Boston Celtics

Record shows Celtics a mediocre team

619562.jpg

Record shows Celtics a mediocre team

BOSTON Following Friday night's 87-74 loss to Indiana, the Boston Celtics were in keep-your-head-up mode inside their locker room.

Phrases like "it's still early" and "no need to panic" were tossed around with the same kind of frequency as all of their missed shots.

And head coach Doc Rivers felt the same way.

But when talk turned towards the team's 4-4 record and a player said the C's were better than that, Rivers did not bite his tongue in disagreeing with that opinion.

"We're a 4-4 basketball team," Rivers said. "That's what we are. You are what your record is. Don't make no mistake about that."

Being a .500 team just eight games into the season is not reason to panic.

However, acknowledging who they are - a .500 team - is part of the process in moving forward from that position.

"You always have the ability to do something about that," Rivers said. "Right now, Indiana's a 5-2 team and we're a 4-4 team. That's who we are. That's not who we want to be, and that's not who we're going to be hopefully, but right now that's who we are."

Of the Celtics' first eight games, Indiana was clearly one of the tougher challenges even before the tip-off.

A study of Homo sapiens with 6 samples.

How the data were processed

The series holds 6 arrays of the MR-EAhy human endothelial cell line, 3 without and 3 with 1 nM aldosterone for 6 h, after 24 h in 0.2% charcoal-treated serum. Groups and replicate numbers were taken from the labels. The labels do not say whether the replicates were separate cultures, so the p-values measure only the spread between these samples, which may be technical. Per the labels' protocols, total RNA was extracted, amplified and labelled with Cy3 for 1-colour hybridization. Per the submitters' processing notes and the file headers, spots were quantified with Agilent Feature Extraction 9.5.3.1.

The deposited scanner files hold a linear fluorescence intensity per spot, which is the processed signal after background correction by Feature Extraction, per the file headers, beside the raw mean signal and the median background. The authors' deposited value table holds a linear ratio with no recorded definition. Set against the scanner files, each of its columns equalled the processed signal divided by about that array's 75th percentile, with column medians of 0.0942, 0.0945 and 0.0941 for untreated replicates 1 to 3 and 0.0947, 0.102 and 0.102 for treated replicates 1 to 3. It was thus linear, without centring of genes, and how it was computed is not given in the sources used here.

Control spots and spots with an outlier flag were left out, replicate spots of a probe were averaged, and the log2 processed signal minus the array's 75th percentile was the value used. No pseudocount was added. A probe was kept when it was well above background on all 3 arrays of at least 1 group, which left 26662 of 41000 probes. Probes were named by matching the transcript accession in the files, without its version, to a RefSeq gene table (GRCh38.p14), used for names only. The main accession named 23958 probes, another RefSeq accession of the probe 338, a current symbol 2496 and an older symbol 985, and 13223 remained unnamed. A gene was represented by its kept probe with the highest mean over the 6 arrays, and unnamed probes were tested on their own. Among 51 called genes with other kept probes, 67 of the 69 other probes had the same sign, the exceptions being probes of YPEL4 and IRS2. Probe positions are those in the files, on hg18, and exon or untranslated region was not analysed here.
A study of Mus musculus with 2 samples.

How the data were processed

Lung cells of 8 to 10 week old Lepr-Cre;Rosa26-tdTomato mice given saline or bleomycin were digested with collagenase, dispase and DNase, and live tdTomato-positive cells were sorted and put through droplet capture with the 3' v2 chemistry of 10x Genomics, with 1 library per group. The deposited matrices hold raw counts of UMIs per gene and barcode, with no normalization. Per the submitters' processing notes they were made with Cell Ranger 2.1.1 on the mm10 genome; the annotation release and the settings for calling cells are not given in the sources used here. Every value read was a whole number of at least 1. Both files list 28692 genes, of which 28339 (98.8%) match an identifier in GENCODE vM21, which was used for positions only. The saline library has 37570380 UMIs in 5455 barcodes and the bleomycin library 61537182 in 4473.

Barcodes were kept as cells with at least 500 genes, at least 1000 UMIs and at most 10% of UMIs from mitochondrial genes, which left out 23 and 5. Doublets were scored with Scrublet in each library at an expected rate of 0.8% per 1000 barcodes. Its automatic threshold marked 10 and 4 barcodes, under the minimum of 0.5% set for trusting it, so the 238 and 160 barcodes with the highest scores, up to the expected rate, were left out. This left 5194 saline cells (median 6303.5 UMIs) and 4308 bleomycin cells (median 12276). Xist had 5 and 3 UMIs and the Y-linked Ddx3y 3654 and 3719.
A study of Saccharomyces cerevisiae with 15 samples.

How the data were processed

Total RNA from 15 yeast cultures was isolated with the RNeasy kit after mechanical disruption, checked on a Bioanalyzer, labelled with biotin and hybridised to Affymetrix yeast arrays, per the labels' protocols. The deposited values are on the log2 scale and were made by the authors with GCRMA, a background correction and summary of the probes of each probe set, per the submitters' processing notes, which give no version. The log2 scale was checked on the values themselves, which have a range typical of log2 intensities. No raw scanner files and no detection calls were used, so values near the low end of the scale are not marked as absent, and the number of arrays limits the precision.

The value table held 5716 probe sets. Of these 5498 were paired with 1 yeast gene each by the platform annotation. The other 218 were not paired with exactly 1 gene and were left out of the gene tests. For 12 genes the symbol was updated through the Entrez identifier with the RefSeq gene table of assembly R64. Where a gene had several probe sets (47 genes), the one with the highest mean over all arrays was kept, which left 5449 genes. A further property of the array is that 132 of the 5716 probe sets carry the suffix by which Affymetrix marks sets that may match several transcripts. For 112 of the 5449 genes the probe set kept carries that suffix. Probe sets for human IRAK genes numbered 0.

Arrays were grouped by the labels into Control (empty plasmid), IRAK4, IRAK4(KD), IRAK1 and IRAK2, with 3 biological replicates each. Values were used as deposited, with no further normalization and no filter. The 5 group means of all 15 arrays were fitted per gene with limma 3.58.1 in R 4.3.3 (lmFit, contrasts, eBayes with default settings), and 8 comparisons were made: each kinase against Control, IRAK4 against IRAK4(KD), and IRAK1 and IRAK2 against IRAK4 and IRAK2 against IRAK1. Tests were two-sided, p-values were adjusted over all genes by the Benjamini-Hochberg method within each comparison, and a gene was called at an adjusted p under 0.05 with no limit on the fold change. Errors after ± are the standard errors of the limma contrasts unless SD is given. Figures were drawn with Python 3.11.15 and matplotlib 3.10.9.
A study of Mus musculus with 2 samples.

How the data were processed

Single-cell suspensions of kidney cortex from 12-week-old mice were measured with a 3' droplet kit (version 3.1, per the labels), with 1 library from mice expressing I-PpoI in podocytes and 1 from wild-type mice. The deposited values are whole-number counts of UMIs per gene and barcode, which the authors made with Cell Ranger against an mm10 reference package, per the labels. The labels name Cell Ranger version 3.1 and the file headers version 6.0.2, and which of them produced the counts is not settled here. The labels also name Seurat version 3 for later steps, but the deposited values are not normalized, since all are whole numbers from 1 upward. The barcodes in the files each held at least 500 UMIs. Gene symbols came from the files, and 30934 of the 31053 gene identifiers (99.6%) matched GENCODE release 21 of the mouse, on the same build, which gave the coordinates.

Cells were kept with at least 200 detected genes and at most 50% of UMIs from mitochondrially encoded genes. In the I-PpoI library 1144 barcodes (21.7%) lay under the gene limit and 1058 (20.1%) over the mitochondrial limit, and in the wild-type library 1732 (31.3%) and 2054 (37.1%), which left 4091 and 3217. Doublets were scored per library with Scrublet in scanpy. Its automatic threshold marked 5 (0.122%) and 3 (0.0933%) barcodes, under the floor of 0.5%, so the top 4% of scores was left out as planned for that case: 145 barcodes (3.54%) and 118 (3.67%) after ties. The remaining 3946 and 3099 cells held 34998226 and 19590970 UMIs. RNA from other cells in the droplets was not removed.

Losing to quality opponents like the Pacers or bad teams, doesn't really make much of a difference to Rivers.

"Well, we're 0-fer against quality opponents," Rivers said. "But again, it's eight games into the year, so I'm not going to overdo that."

Photo of Celtics' 1963 White House visit recalls a simpler time

63-celtics-with-jfk.png

Photo of Celtics' 1963 White House visit recalls a simpler time

As the controversy raged Saturday over President Donald Trump's tweet rescinding the White House invitation to Golden State Warriors' star Stephen Curry, a tweeted photo recalling a simpler time for sports team's presidential visits appeared. 

The nostalgic Twitter account @the_60s_at_50 posted a photo from the Celtics' visit to 1600 Pennsylvania Ave and its principal occupant, John F. Kennedy, on Jan. 31, 1963. JFK had invited his hometown NBA team into the Oval Office for what seemed to be a spur-of-the-moment visit.

A newspaper account of the visit was also posted. The defending NBA champion Celtics were in the Washington area to play the Cincinnati Royals at the University of Maryland's Cole Field House that night and had been taking a tour of the White House when Kennedy invited them in. 

All the team members were there except for star center Bill Russell, who, of course, experienced incidents of racism in Boston that were well-documented. However, Russell's absence was blamed on him oversleeping. His teammates said they didn't know they would meet Kennedy on the tour.  

And yes, that's Celtics legend - and CSN's own - Tommy Heinsohn second from right. Coach Red Auerbach is next to the President on the left, Bob Cousy is next to Auerbach and John Havlicek is the first player in the second row on the left.